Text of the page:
Ritchie Campbell played an organized basketball game in Buffalo for the first time since 1993 on Saturday afternoon and once again the sport treated Western New York's all-time scholastic scoring leader well.

The now 40-year-old Campbell and former Burgard star received a loud ovation (some even stood) from the estimated 500 at City Honors during pregame introductions for the 411 Legends All-Star Game. He rewarded them by showing off that score-from-anywhere jumper, and the passing ability that helped him assist on a number of former Burgard teammate Marcus Whitfield's baskets when the Bulldogs were an area power during the late 1980s.

Even though he's still trying to come back from an Achilles tear he suffered 10 months ago, he showed some explosiveness on the break.

Campbell nailed five three-pointers and scored a game-high 21 points during his Blue team's 63-57 loss to Trevor Ruffin's Legends White squad. He scored 11 of his team's first 19 points, but the Blue team paid the price for missing too many open shots and settling for too many one-and-done three-pointers (most of them not taken by Campbell).

Ruffin scored 15 points in the second half, including 11 over the final 5:55 after the Blue pulled within 45-44.

"I was so at a loss for words," said Campbell of the ovation. "To be here with all the guys, and seeing the guys after 20 something years, it was remarkable. I didn't expect anything like that."

The game was another step in the process of Campbell getting reacclimated to the life of a free man, and it's understandable Campbell, who scored 2,355 points in high school, wouldn't expect a reception like that considering his history.

He was released from prison last winter after serving 17 years for first-degree manslaughter.

Campbell, who once was considered a legitimate NBA prospect in the same vain as Ruffin and Clifford Robinson, was released for good behavior after serving most of a 12- to 25-year sentence for killing Yvette Donaldson during the early morning hours of April 27, 1994.

On that day, Campbell arrived at his girlfriend's apartment drunk, carrying a handgun he said was given to him for protection. Campbell started singing and creating a disturbance. A neighbor came over and asked him to keep the noise down because her child was sleeping. Campbell stepped outside the apartment and raised the gun toward the woman. It went off.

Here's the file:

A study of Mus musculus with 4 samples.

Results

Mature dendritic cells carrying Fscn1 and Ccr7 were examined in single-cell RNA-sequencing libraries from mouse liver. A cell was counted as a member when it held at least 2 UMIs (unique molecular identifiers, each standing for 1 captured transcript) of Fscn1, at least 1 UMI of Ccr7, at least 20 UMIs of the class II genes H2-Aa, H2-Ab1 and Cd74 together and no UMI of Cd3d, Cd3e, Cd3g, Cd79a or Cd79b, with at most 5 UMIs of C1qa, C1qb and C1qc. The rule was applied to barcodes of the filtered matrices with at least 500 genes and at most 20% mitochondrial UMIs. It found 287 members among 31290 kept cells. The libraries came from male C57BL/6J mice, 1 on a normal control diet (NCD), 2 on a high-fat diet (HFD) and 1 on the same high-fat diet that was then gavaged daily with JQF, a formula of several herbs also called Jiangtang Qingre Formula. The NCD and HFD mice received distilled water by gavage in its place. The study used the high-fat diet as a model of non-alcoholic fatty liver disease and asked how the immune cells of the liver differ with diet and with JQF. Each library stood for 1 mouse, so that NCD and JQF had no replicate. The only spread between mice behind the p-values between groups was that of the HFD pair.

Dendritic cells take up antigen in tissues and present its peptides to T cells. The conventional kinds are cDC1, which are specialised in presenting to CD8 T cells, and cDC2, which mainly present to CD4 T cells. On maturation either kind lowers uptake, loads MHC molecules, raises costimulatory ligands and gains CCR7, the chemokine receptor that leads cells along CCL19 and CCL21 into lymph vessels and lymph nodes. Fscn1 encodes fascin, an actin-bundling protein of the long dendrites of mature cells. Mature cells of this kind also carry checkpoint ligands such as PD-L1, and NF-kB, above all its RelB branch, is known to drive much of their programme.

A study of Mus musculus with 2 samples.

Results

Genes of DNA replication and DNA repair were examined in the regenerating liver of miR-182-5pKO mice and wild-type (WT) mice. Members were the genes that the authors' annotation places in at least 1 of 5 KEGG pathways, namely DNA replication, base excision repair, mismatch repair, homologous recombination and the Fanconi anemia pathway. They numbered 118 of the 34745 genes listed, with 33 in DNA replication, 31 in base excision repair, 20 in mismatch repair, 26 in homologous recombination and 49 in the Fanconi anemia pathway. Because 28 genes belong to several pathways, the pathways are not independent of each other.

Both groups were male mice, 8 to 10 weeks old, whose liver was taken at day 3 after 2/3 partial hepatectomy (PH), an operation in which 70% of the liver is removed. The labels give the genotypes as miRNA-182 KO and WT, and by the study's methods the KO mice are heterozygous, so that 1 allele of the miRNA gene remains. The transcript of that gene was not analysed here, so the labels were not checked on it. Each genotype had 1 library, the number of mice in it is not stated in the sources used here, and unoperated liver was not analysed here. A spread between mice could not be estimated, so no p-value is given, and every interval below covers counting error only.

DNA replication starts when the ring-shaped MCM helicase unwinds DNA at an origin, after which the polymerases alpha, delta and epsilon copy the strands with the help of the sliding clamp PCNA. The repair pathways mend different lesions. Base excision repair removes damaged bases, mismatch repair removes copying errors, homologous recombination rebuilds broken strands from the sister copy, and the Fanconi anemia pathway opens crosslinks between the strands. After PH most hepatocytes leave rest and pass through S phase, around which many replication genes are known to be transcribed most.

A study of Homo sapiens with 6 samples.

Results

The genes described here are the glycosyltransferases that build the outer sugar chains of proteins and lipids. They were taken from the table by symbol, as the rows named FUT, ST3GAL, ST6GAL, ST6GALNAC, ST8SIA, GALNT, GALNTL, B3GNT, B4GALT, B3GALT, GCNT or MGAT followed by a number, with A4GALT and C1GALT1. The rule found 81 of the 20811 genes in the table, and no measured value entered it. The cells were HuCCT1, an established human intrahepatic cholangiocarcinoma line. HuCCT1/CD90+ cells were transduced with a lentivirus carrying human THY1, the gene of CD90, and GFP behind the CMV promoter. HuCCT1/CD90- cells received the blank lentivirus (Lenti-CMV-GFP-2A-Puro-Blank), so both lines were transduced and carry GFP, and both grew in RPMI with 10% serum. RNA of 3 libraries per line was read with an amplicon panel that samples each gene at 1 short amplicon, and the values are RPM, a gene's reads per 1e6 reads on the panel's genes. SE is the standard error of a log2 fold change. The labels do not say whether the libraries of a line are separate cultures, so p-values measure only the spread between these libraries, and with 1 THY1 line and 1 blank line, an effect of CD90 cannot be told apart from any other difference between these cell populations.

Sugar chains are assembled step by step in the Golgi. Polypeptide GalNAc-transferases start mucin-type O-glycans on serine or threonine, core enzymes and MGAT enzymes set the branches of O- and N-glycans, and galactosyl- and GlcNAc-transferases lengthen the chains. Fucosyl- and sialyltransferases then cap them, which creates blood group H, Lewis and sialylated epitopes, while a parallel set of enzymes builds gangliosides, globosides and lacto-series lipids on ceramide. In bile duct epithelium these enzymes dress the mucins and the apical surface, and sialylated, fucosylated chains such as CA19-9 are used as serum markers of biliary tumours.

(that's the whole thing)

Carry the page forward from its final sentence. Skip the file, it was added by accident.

Two days later, the 32-year-old mother was dead from a gunshot wound to the neck.

Not a day goes by in which Campbell doesn't think about that mistake. It's something that will haunt him the rest of his life, but he understands he has no right to complain about that nor any other obstacles he'll likely encounter down the road.

"I can't forget what that little girl [Aquila] endured for the last 17 years of her life, not growing up with her mother," Campbell said Friday before speaking to a crowd of about 70 youths at New Era during a life-skills presentation during 411 All-Star Weekend activities. "I'm not going to complain. I'm dealing with it to the best of my ability and doing what's necessary."

All Campbell can do now is try to live as productive a life as possible, relying on a support group that includes Buffalo State men's coach Fajri Ansari, his friend Kevin McCarley, his uncles and his son's grandfather to help keep him from straying off the righteous path.

Campbell has a job, an apartment and has spent time the past three months living with and getting to know his son, 21-year-old Ritchie Jr.

He wants to make sure others don't commit the same mistake he did, doing so the only way he knows how -- through basketball.

Campbell spends three days a week working a clinic at the JFK Center -- the same facility and basketball court that gave him a temporary reprieve from the reality of his daily life as a kid -- as part of the center's summer youth program.

He and McCarley set up cones so that children ages 5 and up can work on dribbling skills. They provide instruction on the finer points of basketball, including team play, so that the students can someday become the teacher and aid in the education of future generations of children.

Campbell also makes himself available as a sounding board as to deal with the peer pressure associated with neighborhood life.

"He seems like a genuine person and he's really concerned about the kids in this area because they don't have this. If they do it's because someone wants money from them to do it but he's willing to come in and do it and not charge a dime," said 39-year-old Ericka Browning, the recreation instructor at JFK Center. "I work here through the year and I know how difficult it is for the kids as far as funds go, so I thought it was a good thing letting him come in and do something like this with the kids."

The reasons Campbell does this is quite simple: He was once in their shoes. The poor kid hoping to use basketball as his vehicle toward better surroundings. The at-risk child in need of mentoring so that he wouldn't succumb to the pitfalls (drug and alcohol use and gun play) of his/her daily environment.

"[What he's doing] is not going to change what happened in his past but I know he has remorse," Ansari said. "I think he's recognizing the best way he can make up for a wrong is to do good. He doesn't want people to make the same mistakes and the best skills he has now are basketball and his life experiences."

Yes, people were cheering for him at City Honors on Saturday, but Campbell knows there's still a lifetime of penance still to be done, and even that won't necessarily change what people may think of him.

"I'm just trying to do the best I can to steer these kids in the right way so kids can have something to look forward to as they grow up," Campbell said.

"I know the challenges I was going to face [upon being released] were going to be difficult. I'm not going to complain. I'm dealing with it to the best of my ability and doing what's necessary."